Data Doesn’t Lie: Exposure Points Leave IT In The Dark
October, as anyone who follows the infosec industry knows, is National Cybersecurity Awareness Month. We have some great blog posts coming up that speak to the cybersecurity awareness theme, so I’d urge you to keep an eye on our blog (which I hope you’re already doing with regularity!).
With cybersecurity awareness as the backdrop, our annual Market Pulse Survey – issued earlier this year – shines a light on the major exposure points organizations are struggling to protect. What the report also dives into is the disconnect between the corporate policies that IT leaders put in place and the reality they face – much of what’s happening across the corporate network is outside of IT’s purview. Think shadow IT and BYOD as two examples of this. With so much at risk as the data breach landscape only heightens with time, IT teams cannot afford to be left in the dark any longer.
We took a second look at the Market Pulse Survey, uncovering a couple of interesting ‘Did You Know’ questions to consider:
More than half of respondents (55%) say that one of the key reasons that employees in departments other than IT wind up introducing the most risk is that they lack the skills and understanding needed to avoid risk. So when employees start enacting things like shadow IT or BYOD, their awareness of the risks that these practices can and do impose is unfortunately pretty limited.
Of those respondents with corporate security policies in place, 3 in 10 respondents admit that their users are not actively following them. With 72% of respondents concerned about the increased risk that BYOD and shadow IT present, it’s clear that enterprises need to better define and enforce corporate security policies company-wide.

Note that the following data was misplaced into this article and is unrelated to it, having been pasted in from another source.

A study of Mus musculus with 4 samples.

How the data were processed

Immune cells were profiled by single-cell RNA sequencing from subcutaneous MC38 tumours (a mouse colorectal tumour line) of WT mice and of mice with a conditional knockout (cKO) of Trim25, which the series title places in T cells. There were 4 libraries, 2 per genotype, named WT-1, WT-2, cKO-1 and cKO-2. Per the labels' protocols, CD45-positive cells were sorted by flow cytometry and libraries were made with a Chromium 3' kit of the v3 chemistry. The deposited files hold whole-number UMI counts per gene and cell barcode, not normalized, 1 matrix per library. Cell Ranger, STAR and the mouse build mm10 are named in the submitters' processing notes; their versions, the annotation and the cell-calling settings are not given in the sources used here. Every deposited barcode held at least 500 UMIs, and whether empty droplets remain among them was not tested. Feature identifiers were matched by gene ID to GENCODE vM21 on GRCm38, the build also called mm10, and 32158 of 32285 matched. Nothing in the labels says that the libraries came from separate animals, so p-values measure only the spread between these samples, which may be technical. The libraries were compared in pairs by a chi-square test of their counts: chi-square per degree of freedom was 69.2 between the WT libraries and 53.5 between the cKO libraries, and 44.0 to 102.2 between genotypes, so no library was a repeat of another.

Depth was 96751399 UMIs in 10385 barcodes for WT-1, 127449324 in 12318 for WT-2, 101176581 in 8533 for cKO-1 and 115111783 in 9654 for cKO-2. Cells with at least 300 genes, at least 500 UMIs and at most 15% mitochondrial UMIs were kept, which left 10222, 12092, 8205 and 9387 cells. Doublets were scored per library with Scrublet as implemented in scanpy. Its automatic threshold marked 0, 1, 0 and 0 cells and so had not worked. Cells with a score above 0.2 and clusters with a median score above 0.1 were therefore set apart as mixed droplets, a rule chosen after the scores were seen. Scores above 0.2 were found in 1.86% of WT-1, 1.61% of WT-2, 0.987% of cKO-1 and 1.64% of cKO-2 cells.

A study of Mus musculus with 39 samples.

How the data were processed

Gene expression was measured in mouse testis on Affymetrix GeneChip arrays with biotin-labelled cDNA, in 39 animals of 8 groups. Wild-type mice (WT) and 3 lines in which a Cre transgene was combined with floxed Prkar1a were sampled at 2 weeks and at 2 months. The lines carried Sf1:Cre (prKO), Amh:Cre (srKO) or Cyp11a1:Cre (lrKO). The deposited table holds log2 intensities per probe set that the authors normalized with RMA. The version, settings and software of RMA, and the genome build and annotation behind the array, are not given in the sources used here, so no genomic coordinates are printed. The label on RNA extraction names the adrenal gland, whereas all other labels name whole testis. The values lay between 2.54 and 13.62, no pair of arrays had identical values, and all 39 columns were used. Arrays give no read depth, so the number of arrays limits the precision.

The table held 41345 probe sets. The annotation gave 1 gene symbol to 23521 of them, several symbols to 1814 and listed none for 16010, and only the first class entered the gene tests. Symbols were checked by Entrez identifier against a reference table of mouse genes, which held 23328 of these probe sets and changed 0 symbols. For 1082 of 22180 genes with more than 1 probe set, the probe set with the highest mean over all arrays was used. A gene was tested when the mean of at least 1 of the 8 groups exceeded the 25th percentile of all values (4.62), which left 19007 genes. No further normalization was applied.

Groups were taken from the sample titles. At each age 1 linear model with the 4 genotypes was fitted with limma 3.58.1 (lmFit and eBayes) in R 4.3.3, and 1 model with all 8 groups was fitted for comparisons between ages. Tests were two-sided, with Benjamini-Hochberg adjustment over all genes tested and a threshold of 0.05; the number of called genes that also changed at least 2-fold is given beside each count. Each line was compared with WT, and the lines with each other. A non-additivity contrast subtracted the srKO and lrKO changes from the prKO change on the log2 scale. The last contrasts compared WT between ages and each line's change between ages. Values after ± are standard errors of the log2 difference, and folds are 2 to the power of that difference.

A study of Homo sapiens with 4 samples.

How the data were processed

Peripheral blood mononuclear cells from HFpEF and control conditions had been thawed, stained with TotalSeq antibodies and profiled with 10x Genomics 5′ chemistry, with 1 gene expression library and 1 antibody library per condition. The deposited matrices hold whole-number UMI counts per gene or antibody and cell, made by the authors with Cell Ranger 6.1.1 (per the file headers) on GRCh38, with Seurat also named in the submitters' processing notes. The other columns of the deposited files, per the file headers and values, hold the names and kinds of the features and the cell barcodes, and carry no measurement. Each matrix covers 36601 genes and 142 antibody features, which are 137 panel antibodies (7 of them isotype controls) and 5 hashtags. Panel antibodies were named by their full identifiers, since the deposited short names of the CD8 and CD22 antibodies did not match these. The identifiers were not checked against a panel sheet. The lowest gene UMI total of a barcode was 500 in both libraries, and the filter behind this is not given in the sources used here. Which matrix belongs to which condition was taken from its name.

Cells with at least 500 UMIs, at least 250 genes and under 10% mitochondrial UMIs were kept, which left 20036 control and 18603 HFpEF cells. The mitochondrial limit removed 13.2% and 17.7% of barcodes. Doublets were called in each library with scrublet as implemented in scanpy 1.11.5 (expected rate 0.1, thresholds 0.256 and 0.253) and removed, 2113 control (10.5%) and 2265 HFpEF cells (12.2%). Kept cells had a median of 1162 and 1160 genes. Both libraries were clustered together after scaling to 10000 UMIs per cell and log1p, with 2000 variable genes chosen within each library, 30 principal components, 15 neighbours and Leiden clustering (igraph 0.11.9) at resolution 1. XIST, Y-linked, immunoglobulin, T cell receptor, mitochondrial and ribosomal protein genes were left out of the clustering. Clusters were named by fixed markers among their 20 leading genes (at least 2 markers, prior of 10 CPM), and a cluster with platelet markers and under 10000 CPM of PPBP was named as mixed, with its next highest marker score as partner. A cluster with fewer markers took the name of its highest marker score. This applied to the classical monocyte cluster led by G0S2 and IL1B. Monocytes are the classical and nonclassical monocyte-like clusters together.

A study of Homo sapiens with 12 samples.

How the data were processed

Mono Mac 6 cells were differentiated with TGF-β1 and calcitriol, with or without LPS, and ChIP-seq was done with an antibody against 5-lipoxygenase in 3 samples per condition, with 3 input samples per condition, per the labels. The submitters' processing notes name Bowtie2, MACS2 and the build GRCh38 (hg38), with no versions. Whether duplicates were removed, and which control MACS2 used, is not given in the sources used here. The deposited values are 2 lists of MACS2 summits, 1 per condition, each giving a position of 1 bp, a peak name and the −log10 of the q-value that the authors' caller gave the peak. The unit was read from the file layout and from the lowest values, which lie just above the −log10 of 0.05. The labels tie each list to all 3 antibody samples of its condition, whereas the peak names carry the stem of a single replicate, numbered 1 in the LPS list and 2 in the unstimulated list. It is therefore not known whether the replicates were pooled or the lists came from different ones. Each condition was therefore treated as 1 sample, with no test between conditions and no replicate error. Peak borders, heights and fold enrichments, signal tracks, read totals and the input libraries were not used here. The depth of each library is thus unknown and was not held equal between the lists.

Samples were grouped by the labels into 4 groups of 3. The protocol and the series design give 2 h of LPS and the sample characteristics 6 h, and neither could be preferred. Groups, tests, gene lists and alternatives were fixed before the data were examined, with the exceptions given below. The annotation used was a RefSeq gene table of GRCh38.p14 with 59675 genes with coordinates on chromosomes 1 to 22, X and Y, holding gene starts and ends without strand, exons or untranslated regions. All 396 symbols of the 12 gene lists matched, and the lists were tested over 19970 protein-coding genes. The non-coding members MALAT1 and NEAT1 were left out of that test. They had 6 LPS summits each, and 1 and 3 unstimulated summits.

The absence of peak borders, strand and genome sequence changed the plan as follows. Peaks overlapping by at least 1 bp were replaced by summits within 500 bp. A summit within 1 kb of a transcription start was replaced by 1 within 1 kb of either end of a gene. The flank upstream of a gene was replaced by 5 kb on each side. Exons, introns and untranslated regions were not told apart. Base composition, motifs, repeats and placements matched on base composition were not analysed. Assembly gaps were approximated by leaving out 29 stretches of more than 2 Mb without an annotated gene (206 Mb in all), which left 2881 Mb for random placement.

More than 7 in 10 of respondents agree their organization’s data would be less exposed if they were better equipped to manage it. In other words – corporate policy and security training can only go so far. Technology needs to play an active role, too. A further 71% of respondents with an identity governance solution in place acknowledged that having a solution like that in place would result in a more automated and efficient (and secure) organization.
What does all of this mean for companies who are trying to keep their brand out of the headlines? That it is equally important that corporate security policies are not only employed but that users actually understand the policies and put them to good use. On top of that, IT department leaders need to be in-the-know when it comes to what applications their users are deploying and importantly, what security policies apply for safe usage. Ultimately, there is no one ‘answer’ to the cybersecurity ‘trilemma’ that enterprises face today – it requires a combination of people (understanding and sticking to corporate security policies and awareness), processes (the right corporate security policies in place – and adhered to!) and technology (an identity governance foundation in place to give IT the ‘who’ in ‘who has access to what’ and the ‘what’ they have access to).
For more Market Pulse Survey takeaways, I’d encourage you to download the full report here.